Wednesday, March 24, 2010

car insurance in Maryland-raising of premium or cancellation

Online information makes much of our lives much more transparent. This includes our traffic and criminal records in Maryland which are available for the world to see on the Maryland judiciary web site. Car insurance companies peruse these lists regularly for their insureds. Based on what they find, they may be canceling insurance or raising the premiums. The question I sometimes receive is whether they can do this based on a disposition of probation before judgment. Probation before judgment in Maryland applies to many different types of criminal cases. It can apply all the way down to small traffic matters such as speeding and up to large criminal matters such as burglary. For purposes of this blog, it applies to the vehicle matters. It is my opinion that the bottom line is that they cannot raise your premiums based on a disposition of probation before judgment. However, they can cancel your policy for a probation before judgment.

The Maryland Insurance Administration “Consumer Guide to Auto Insurance” states as follows:



“NOTE: A “Conviction” includes a plea of nolo contendere and a finding of probation before judgment (PBJ). Maryland law specifically recognizes these exceptions for cancellation or nonrenewal…

However, compare, Insurance Article, Section 11-215 provides:



(e) For purposes of reclassifying an insured in a classification that entails a higher premium, an insurer under an automobile insurance policy may not consider a probation before judgment disposition of a motor vehicle law offense, a civil penalty imposed pursuant to § 21-202.1 or § 21-809 of the Transportation Article, or a first offense of driving with an alcohol concentration of 0.08 or more under § 16-205.1 of the Transportation Article on record with the Motor Vehicle Administration, as provided in § 16-117(b) of the Transportation Article.



and Section 11-318 provides:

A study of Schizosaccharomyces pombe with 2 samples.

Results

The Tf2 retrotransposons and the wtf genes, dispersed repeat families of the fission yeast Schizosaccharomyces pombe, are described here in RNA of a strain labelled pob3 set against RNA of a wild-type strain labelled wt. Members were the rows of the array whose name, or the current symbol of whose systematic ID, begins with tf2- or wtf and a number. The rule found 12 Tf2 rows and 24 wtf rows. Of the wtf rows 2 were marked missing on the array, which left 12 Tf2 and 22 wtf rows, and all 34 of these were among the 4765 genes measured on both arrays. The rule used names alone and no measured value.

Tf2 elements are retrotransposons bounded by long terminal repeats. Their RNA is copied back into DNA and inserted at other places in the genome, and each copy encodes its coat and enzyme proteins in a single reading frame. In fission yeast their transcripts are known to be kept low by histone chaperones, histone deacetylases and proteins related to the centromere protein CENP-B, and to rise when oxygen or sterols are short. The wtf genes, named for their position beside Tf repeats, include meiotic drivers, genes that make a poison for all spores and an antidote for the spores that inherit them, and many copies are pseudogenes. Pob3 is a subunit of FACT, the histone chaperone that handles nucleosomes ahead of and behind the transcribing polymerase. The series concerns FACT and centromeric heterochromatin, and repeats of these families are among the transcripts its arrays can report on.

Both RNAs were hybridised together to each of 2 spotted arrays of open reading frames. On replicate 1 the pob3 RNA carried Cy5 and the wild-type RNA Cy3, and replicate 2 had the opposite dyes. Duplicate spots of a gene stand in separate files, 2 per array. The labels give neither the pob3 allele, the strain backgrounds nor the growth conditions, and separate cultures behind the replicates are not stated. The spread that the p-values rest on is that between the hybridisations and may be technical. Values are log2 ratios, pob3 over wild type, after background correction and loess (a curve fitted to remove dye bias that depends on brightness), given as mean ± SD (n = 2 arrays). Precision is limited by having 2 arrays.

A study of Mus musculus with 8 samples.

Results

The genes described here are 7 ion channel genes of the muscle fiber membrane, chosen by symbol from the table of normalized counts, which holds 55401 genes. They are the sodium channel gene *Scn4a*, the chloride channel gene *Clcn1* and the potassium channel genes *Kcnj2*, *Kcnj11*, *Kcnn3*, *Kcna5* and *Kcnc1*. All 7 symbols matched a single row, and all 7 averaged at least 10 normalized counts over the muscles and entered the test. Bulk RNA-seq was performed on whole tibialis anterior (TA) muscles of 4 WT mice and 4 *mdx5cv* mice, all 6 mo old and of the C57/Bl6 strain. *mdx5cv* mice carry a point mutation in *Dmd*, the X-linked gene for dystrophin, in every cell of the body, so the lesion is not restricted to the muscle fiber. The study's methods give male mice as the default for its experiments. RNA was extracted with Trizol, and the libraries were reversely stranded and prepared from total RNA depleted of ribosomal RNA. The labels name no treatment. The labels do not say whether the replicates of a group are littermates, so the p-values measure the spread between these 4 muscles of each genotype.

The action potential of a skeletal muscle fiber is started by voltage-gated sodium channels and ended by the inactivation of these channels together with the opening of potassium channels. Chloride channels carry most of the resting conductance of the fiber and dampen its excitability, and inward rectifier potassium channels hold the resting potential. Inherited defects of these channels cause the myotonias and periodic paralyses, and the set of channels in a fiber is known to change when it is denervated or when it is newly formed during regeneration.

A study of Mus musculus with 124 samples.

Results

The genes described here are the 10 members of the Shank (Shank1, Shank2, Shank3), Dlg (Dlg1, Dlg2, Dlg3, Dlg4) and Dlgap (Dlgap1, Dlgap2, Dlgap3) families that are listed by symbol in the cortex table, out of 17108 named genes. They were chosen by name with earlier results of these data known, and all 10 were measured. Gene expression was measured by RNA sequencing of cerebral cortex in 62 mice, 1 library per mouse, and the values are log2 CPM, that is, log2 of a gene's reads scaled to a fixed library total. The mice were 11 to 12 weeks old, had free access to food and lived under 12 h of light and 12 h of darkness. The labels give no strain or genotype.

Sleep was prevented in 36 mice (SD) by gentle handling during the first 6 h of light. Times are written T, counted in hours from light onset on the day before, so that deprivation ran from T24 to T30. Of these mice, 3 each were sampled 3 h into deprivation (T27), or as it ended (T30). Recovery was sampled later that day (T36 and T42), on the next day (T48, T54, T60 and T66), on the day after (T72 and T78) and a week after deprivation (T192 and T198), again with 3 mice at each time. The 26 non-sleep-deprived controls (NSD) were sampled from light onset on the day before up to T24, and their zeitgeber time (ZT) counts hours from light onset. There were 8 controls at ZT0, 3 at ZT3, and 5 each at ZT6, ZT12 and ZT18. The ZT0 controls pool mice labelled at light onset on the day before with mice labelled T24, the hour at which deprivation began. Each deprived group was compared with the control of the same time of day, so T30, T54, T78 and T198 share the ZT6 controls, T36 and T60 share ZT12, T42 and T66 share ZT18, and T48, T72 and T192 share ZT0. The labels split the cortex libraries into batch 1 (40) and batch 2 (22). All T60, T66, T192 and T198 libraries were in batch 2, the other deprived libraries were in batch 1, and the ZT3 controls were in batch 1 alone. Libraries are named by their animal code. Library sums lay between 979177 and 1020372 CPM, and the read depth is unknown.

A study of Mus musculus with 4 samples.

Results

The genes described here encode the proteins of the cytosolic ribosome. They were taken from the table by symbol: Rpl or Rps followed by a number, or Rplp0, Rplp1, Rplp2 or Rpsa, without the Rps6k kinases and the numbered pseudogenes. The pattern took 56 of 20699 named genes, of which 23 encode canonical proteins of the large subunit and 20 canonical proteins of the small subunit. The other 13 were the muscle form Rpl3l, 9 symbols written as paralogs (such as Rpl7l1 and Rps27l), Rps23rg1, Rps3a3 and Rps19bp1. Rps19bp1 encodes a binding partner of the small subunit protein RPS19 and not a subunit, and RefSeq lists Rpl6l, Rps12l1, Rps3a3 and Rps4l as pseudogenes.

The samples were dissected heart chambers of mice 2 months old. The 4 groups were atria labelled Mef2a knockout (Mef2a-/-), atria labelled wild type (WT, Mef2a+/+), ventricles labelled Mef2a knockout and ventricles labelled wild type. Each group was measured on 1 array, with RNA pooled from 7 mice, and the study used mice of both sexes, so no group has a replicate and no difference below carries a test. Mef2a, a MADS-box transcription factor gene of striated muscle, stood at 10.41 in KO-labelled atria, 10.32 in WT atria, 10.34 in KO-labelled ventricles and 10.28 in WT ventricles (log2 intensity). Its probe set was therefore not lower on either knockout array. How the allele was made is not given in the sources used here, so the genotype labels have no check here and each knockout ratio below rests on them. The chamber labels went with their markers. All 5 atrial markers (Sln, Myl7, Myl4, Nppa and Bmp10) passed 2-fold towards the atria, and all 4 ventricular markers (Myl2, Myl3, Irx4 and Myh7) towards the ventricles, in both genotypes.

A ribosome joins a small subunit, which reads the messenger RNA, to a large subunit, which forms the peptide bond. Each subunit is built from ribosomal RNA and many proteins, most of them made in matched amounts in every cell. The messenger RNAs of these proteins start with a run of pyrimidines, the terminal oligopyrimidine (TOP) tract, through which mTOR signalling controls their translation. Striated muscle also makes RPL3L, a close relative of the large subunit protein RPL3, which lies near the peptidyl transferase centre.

(e) For purposes of reclassifying an insured in a classification that entails a higher premium, an insurer under an automobile insurance policy may not consider a probation before judgment disposition of a motor vehicle law offense, a civil penalty imposed pursuant to § 21-202.1 or § 21-809 of the Transportation Article, or a first offense of driving with an alcohol concentration of 0.08 or more under § 16-205.1 of the Transportation Article on record with the Motor Vehicle Administration, as provided in § 16-117(b) of the Transportation Article.

Please note, this only applies to a higher premium. The insurance company can cancel the driver under the policy even with probation before judgment. I believe that the below regulations make that more clear:

COMAR 31.15.10.03

E. Action Based on Criminal Conduct.

(1) In the case of private passenger motor vehicle insurance, standards that meet the business purposes standard and do not require statistical validation include a standard that allows cancellation or nonrenewal of coverage if the named insured or a covered driver under the policy is convicted of:

(a) Operating the motor vehicle while intoxicated, or impaired by drugs;

(b) Committing homicide, reckless endangerment, or criminal negligence arising out of the operation of the motor vehicle; or

(c) Using the motor vehicle to participate in a felony.

(2) If a named insured or covered driver is found guilty of a crime listed in §E(1) of this regulation, and the guilty finding subsequently is struck, and the final disposition of the matter is probation before judgment, the guilty finding:

(a) May be used as evidence that the named insured or covered driver committed the conduct listed in §E(1) of this regulation; but

(b) Is not conclusive proof that the named insured or covered driver committed the conduct listed in §E(1) of this regulation and may be rebutted by evidence showing that the insured or covered driver did not commit the conduct.